By Martin Matishak - 08/31/14 11:41 AM EDT
A pair of House lawmakers on Sunday clashed over the likelihood the Islamic State in Iraq and Syria (ISIS) would carry out an attack on the U.S. homeland.
The debate comes after the Obama administration on Friday said the U.S. likely would not follow the United Kingdom in raising its terror alert level because of the threat posed by the militant group.
“We have to face it as much as the British do,” Rep. Peter King (R-N.Y.), a member of the House Homeland Security Committee, said on CBS’s “Face the Nation.”
He said there are potentially thousands of people with Western and European passports that have been inspired to fight alongside the group and potentially head back to their home countries to carry out attacks.
King said President Obama should take action against the group’s targets in Syria, a step the administration is currently weighing.
“What is the president waiting for?” King asked. He added that the president almost ordered airstrikes in Syria last year before he “pulled the rug out” on regional allies.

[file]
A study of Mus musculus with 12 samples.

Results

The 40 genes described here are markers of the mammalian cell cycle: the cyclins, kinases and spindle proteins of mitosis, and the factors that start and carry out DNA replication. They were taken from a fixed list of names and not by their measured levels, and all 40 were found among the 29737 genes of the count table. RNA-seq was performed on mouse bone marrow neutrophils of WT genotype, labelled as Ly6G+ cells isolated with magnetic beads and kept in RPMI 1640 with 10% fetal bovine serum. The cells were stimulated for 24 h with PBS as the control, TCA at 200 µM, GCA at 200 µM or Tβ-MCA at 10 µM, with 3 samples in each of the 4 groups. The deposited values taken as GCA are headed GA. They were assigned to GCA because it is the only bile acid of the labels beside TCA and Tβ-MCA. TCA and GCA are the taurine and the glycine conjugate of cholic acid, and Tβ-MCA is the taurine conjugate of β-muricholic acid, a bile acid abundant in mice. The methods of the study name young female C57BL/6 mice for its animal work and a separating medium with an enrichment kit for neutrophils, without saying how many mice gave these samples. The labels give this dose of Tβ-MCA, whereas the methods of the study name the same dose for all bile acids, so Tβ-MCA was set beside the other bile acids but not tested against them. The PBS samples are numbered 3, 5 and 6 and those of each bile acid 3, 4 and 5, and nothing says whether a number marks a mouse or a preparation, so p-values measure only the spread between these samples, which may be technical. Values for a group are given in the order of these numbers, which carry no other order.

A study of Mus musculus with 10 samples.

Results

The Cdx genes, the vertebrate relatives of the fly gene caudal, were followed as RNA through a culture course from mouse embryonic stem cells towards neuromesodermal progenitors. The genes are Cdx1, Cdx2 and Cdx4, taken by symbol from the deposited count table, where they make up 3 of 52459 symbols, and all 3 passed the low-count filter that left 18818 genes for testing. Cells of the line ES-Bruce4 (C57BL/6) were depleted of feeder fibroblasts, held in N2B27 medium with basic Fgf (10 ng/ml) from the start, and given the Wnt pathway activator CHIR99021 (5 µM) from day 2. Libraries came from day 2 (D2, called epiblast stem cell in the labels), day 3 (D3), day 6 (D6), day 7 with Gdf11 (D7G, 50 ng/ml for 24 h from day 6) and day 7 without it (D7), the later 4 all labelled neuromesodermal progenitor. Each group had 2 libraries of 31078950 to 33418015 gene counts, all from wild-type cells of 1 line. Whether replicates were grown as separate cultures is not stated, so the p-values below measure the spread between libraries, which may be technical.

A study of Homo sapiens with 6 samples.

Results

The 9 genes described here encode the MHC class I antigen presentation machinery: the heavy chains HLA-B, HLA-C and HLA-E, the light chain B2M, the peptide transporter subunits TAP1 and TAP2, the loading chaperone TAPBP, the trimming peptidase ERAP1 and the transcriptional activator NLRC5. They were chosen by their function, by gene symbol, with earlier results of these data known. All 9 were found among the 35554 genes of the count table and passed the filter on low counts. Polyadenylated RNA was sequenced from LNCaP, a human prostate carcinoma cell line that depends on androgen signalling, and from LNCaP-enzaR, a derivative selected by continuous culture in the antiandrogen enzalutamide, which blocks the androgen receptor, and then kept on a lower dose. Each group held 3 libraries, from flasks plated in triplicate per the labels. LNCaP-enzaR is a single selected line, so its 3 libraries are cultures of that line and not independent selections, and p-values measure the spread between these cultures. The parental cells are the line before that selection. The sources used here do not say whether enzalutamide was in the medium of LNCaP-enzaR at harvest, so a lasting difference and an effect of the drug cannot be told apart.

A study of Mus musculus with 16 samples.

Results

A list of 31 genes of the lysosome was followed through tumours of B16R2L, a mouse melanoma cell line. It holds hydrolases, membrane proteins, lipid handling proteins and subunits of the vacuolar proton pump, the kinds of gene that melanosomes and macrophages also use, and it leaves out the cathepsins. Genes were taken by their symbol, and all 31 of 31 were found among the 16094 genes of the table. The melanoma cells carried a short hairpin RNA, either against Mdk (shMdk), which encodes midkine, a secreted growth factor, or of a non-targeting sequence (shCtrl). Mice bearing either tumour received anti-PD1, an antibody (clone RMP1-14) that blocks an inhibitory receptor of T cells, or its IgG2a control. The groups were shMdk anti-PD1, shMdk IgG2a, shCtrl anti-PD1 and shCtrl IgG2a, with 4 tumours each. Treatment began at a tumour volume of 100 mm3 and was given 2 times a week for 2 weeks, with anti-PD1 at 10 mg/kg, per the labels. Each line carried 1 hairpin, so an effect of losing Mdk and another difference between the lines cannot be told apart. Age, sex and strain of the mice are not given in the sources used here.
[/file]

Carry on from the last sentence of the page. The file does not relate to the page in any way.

“We can’t wait forever,” he said.
Rep. Adam SmithAdam SmithThe case for moral capitalism Armed Services leaders encouraged after first conference meeting Dems urge treaty ratification after South China Sea ruling MORE (Wash.), the top Democrat on the House Armed Services Committee, said that while ISIS does pose a threat to U.S. soil, it is not on par with al Qaeda, which worked on “numerous” plots to strike the homeland.
He noted that last year’s airstrikes would have been carried out against Syrian President Bashar al-Assad.
“We don’t want to come into Syria now on the side of Assad,” Smith said, adding the U.S. “can’t simply bomb first and ask questions later.”
Doing so, he warned, would drive more recruits “into the arms of ISIS.”
King dismissed concerns that U.S. airstrikes in Syria would rally more to fighters to their banner or give them cause to lash out against America.
“They don’t need any excuse,” King said. “The longer we wait, the more dangerous” ISIS becomes.
The pair did agree that the U.S. should do more to assist Ukraine’s military in the wake of Russia’s incursions into the country last week.
Smith said it would be “appropriate” for the administration to go beyond the non-lethal aid it has provided to date.
The U.S. should “make it as painful as possible for [Russian President Vladimir] Putin to make any progress into Ukraine,” Smith said.
King agreed that arms should be given to Kiev’s forces.
“We have to let Putin know there’s going to be a price to pay on this,” he said.